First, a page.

Driven Grouse Shooting
The grouse came in low and fast (in small groups), slicing through the line from the left and the right, with a few coming straight on. In three days of shooting, I never had a high overhead shot. Switching guns was easier than I’d imagined; keeping my eye on the birds, I turned slightly right and pushed the #1 gun (still closed) toward the loader. My right hand was on the grip with my open left hand extended to accept the forend of the #2 gun. Then it was mount and shoot again. Since the shooting butts were in a straight line, it was permissible to turn and shoot out the back – as the birds passed by.
The ultimate execution, for the most experienced grouse shooters, is to fire on the birds just as they’re coming into range; then switch guns and fire twice more in front of the butt; then turn 180 degrees while switching guns again and fire twice more out the back. Six shots, six grouse; they tell me it’s been done!
Driven grouse shooting isn’t something we get to do in the United States; but in the United Kingdom there’s a long tradition – going way back into the 19th century, or perhaps even before. It’s considered to be the premier wing shooting experience, because the grouse fly so fast and so low to the ground. At first glance, it seems relatively straightforward; ten shooters stand in a line of shooting butts, about 50 yards apart, and fire their side-by-sides or over/unders at the grouse as the fly by. But, it’s far more complicated than that.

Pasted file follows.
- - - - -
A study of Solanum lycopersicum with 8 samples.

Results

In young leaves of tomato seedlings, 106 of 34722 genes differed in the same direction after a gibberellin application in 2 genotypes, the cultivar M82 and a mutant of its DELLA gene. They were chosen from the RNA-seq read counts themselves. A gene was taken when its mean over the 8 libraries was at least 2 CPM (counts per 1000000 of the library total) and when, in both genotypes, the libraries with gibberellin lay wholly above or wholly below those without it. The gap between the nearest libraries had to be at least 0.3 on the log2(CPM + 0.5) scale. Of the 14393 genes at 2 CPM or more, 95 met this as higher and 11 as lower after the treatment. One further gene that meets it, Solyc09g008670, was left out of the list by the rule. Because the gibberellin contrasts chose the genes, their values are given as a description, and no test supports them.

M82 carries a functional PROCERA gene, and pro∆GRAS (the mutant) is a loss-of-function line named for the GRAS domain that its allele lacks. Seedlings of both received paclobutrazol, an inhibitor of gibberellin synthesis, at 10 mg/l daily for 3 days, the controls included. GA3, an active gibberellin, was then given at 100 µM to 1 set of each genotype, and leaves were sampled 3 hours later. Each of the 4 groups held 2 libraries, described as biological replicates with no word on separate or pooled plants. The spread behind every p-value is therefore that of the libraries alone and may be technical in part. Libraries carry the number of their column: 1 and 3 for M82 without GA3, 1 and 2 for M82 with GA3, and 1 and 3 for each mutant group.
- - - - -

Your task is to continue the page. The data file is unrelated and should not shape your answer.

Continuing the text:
For there to be a shoot in the first place, there must be grouse; and that isn’t a given. The English red grouse cannot be pen raised, so the game managers concentrate on managing the habitat and the predators, with their fingers crossed – hoping for good spring nesting weather. Burning small patches of the older woody ground cover (heather) every spring is one of the principle habitat management practices.
These are driven birds; and there is quite an art to ensure a good drive. The drivers and flankers advance or hold (as directed), so as to keep the birds flying toward the guns and spread over the line as evenly as possible – providing everyone a fair amount of shooting.
What an unbelievable experience; when can I go back?